It promised to be a warm one. Likely the hottest day of the year, so far. I’d been thinking about that little lake I was on two days ago and thinking I should give it another go. I mean, there’s nothing wrong with catching some fish before breakfast, right? I never get tired of explosive strikes and the tug and bend of the rod. The canoe was still on the truck rack and all I had to do was put on the coffee and take the dogs out for a little romp before heading over to the lake.
I had pretty much the same outfit as the other day, except this time I would bring the old bamboo rod I had and give it a try. It was over 25 years ago when a friend of mine found the old cane rod in the garage of a property he'd purchased. It was in pretty rough shape but he thought I might like it so he gave it to me. It’s a nine foot, three piece rod and had two tips. One of the tips was split and shattered but the rest of the rod was OK. The finish was about gone and what guides were left were mostly rust. The ferrules were corroded but solid as was the down-lock reel seat. I could find no name on it, but I knew the right rod could be worth some real dough. I also knew there were plenty of old mass produced bamboo rods that had little value and I figured this was one of them. There are folks who know and fish bamboo like it was a religious experience. I won’t argue that as I’ve felt some deep, call them religious, feelings myself while fishing. The rod didn’t have much to do with it, though. Fly rods are pricey, and cane rods can be crazy expensive. I don’t know if I could ever appreciate bamboo as some describe it. My fly fishing is fulfilling with the rods I have. Heck, I love it.
For an indoor project one winter I refinished the old rod. I went to the library and checked out Garrison’s rod building book. I mail ordered new guides and built a rod tying rack. I stripped the rod clean, tied new guides, wrapped thread over the ferrules, and varnished the rod in an elaborate PVC dip tank I build. For the dipping I used an electric motor from an old rotisserie grill as a winch and a sort of block and tackle rig that slowed the process down. After filling the tank with Pratt & Lambert varnish, the same stuff Garrison used, I lowered a rod section into the finish and let the motor draw it out slowly, something like 4 inches per minute. The result was a flawless varnish job. When all was said and done the rod looked pretty good, but I never fished it. That was in 1989. It's been standing alongside the other rods for all these years. Now I figured if it was ever going to catch a fish, the little bass lake would be a good bet.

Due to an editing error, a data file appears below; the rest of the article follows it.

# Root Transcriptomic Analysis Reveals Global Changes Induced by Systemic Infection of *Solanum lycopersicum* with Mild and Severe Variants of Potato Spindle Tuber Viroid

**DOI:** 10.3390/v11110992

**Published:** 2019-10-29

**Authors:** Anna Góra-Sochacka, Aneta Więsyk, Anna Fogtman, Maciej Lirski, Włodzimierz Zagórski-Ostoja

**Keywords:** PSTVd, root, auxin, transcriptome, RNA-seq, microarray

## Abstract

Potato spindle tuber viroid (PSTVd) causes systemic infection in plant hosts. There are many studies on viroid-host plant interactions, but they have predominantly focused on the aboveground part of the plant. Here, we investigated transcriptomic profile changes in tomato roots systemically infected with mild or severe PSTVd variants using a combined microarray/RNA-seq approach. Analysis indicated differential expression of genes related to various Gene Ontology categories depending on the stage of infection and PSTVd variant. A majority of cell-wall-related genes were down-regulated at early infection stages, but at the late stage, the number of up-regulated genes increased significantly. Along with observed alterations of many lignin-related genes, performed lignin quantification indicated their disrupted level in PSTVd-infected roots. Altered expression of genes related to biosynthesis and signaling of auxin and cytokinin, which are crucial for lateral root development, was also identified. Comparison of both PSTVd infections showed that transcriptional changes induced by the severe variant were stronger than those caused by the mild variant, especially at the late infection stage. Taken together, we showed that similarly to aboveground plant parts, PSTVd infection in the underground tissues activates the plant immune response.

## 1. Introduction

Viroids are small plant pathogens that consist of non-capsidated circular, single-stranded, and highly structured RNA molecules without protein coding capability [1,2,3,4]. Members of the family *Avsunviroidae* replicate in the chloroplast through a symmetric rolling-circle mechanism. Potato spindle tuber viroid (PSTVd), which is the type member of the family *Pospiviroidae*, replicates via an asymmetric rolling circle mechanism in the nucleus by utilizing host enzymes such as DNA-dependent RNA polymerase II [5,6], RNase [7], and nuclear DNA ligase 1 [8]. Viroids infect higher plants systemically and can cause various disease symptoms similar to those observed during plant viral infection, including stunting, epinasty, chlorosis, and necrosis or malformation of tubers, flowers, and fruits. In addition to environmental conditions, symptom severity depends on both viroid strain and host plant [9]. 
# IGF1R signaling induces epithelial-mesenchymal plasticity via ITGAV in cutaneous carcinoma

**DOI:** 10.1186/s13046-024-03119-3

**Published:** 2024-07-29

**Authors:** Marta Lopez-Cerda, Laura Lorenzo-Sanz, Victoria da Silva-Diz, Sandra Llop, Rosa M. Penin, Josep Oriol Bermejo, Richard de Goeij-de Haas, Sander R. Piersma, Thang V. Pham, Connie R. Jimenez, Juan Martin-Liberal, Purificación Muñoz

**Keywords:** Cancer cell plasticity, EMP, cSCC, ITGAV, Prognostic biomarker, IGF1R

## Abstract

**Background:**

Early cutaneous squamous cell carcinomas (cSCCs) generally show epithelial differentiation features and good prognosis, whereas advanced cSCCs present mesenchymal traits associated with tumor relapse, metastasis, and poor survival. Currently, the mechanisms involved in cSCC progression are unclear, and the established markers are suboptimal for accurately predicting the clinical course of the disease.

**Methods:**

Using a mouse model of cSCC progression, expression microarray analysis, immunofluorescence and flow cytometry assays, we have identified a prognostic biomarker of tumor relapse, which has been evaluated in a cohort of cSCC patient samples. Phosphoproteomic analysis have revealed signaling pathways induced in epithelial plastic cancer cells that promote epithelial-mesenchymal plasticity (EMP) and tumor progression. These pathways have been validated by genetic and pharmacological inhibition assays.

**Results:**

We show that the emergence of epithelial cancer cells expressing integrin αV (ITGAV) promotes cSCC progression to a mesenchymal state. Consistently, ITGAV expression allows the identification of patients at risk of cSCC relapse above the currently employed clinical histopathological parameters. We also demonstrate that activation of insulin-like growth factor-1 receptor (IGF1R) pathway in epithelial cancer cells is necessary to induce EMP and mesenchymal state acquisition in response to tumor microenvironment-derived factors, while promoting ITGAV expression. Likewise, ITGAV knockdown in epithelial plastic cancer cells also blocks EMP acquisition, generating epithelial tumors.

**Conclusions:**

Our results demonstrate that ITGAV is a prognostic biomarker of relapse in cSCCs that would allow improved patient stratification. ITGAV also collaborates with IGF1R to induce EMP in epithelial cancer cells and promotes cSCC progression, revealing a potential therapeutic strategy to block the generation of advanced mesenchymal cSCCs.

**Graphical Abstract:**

I’m not a purist but there are some traditions I like and believe are worth holding on to. Not all pertain to angling, but I reckoned the old wooden rod should be fished with deer hair. I’d found an old reel with some old unmarked line that if I remember is a 6 wt. Possibly 7, or maybe one of those combo 6/7 lines. I’ve had it so long I don’t remember when I got it, but I had to snip off about a foot of cracked line to get to something I could attach a leader to. The old rod is pretty heavy and sort of whippy and I wasn’t taking any bets on how long I’d cast with it before switching to my graphite.
This time I brought an anchor so I could stay in relatively one spot and sort of fan cast a section before moving on. I was pretty eager and could feel it in my stomach when I pulled in to the landing. These hot, still mornings seem just what bass like.
The lake was as flat as glass and I hurried with the canoe to escape the morning mosquitoes. I started settling down, relaxing, as I paddled across. I was again alone on the lake and that in itself made it worth it. When I closed in on the south shore I lowered the anchor and clamped the rope off to the gunnel with a spring-loaded woodworkers clamp. I wouldn’t need much to hold the canoe, but the slightest breeze can push it too close, or too far in the time it takes to make a cast.
I was anxious about how the rod would perform, and expected it to have a slow action but was surprised at how easily I played the line out and with two false casts laid the fly about two feet from the bank right over a submerged log. There I watched it. What triggers a fish to attack a funny looking lure sitting motionless I’ll never know. Perhaps the hackle feather tail pulsates a bit, along with the marabou behind the collar. Is another fish taking a look causing a competitive response? Whatever it is, the splashing strike is startling and the pull on the bent rod is delightful.
That’s the kind of water this is. A first cast fish is no surprise and seeing the light bellied green-backed bass dart back and forth shaking their heads and jumping clear of the water is nothing but pure fun. I cast the old rod for just over an hour, and did well with it. It has a slow, soft action but could toss a wind catching deerhair fly a surprising distance, even with my questionable ability. By then I’d caught and released at least a dozen small bass and lost almost that many. That was enough. I could have went around the lake over and over and there’s no telling how many fish I might have caught. Maybe enough to grow tired of it. I remembered the coffee in my truck would still be hot and there’d be breakfast at home so I paddled in, eager for next time.